Once upon a time, before my wife and I had kids, we visited the city of Savannah, GA. We had the opportunity to take a carriage ride through some of the most oldest portions of the planned city. A detail of the tour that has stuck out in my mind was how much of the original street remained unchanged. The reason this stuck out was, as I had found in visiting a few other historic locations on the east cost of the US, many locations as old, if not older, had to be altered to accommodate motor vehicles. So why was that not the case for the planned city of Savannah GA? Because of fires in London. Huh?
The founder of Savannah was James Oglethorpe. Born in England in 1696, he would have been familiar with the fires that ravaged that part of the world in 1666. The great fire of London burned through much of the city due to many factors, one of which was the way homes were built, basically right up against one another. Out of that fire a new approach to city building came into fashion that of having easements between homes to help avoid the spread of fire.
This fascinated me as it turned out that in attempting to address the concern of fire by spacing out plots of lands and having larger pathways between the homes it resulted in a design that allowed the original layout to survive, more or less, down to our modern age.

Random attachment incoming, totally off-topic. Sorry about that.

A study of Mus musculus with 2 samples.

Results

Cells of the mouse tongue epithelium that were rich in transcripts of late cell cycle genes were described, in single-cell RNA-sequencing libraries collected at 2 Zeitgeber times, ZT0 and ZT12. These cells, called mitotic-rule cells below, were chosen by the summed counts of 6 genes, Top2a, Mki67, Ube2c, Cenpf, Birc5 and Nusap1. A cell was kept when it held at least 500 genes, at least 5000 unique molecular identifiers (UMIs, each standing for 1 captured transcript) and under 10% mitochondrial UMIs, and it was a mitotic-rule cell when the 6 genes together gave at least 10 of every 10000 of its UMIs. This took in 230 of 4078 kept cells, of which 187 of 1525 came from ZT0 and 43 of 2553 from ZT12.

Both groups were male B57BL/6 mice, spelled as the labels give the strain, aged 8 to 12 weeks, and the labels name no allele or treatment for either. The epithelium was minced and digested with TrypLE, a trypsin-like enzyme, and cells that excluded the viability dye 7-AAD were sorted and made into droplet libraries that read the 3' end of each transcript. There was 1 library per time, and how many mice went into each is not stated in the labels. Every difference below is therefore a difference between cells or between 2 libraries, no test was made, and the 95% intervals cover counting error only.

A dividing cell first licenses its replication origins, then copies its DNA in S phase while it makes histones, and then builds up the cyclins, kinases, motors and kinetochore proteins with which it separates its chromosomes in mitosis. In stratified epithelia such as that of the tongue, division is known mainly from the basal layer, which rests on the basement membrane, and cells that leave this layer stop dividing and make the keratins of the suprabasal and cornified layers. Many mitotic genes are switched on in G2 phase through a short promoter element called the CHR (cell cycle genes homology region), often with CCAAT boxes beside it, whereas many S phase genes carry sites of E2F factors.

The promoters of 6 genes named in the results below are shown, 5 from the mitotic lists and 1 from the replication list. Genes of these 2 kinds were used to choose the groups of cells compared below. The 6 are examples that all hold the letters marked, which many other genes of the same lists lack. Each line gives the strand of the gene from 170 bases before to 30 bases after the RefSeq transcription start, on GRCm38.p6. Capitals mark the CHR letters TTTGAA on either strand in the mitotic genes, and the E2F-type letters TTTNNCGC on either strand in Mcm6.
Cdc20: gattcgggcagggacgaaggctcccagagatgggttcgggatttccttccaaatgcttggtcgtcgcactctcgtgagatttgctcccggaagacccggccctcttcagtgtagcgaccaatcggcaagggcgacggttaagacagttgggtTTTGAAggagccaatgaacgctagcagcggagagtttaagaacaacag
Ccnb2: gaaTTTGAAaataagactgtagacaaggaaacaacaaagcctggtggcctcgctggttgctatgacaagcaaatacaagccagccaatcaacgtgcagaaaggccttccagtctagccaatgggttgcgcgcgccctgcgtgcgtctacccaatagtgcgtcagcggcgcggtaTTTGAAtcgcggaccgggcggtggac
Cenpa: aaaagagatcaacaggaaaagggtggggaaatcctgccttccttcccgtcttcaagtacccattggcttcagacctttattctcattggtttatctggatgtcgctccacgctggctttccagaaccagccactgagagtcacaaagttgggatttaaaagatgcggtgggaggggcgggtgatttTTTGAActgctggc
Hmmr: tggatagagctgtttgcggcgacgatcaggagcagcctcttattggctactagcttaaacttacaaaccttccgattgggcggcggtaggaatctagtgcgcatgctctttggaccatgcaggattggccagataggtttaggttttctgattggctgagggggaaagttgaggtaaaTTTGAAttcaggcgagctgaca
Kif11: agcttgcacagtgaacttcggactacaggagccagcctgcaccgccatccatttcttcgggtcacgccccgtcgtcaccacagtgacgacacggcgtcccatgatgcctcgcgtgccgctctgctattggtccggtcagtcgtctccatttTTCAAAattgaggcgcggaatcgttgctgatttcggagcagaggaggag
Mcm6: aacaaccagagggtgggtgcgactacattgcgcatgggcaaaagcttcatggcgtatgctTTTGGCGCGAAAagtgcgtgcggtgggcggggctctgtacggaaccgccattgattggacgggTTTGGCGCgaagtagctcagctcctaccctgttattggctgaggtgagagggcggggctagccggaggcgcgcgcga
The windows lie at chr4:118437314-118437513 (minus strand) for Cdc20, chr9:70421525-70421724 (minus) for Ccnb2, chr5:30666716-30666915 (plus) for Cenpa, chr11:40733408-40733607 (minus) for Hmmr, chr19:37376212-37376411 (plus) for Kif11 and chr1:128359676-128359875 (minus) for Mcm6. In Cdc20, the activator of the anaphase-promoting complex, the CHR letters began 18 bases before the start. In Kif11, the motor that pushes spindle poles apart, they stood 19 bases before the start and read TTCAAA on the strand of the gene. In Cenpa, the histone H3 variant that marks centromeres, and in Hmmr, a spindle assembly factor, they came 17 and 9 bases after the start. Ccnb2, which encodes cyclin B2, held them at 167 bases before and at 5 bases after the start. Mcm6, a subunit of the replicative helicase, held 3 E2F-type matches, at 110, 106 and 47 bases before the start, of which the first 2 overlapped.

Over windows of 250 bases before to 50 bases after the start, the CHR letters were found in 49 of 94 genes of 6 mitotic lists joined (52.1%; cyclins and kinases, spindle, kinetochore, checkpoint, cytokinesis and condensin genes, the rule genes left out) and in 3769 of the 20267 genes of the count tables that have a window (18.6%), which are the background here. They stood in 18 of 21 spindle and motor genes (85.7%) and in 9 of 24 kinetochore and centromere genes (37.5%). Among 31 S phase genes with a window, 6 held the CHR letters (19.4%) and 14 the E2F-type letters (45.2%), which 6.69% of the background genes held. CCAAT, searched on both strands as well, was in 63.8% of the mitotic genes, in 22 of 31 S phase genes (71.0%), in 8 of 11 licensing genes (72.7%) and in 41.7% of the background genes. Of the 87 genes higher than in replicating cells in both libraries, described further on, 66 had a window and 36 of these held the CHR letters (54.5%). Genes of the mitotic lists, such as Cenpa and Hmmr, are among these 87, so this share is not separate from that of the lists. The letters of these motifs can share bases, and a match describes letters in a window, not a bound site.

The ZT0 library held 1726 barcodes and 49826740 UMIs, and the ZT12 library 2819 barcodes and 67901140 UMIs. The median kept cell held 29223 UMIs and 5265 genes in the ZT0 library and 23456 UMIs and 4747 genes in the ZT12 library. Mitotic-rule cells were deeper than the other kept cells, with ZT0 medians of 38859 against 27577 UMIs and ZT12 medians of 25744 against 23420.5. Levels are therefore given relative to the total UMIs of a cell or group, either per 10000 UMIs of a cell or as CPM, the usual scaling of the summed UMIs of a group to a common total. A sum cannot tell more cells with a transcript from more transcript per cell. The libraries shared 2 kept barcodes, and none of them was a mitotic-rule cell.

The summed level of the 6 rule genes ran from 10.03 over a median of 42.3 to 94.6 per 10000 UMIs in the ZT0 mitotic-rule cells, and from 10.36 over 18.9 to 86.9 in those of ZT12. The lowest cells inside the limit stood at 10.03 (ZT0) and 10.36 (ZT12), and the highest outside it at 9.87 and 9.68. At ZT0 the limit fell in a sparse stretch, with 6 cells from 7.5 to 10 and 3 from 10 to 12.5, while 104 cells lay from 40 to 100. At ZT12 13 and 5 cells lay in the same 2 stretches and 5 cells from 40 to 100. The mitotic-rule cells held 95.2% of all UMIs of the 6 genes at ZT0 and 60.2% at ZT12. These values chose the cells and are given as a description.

As time progressed and the advent of items such as cars came along Savannah found it self having plenty of room to allow cars to flow in both directions, for sidewalks to be put in, for construction of sewers and electricity to be distributed all without the need to tear down or reroute the flow of movement.
Understanding the chain of events that caused choices to be made can be one of the most rewarding results in study of history.
So dear reader, what historical tidbits have captured your interest?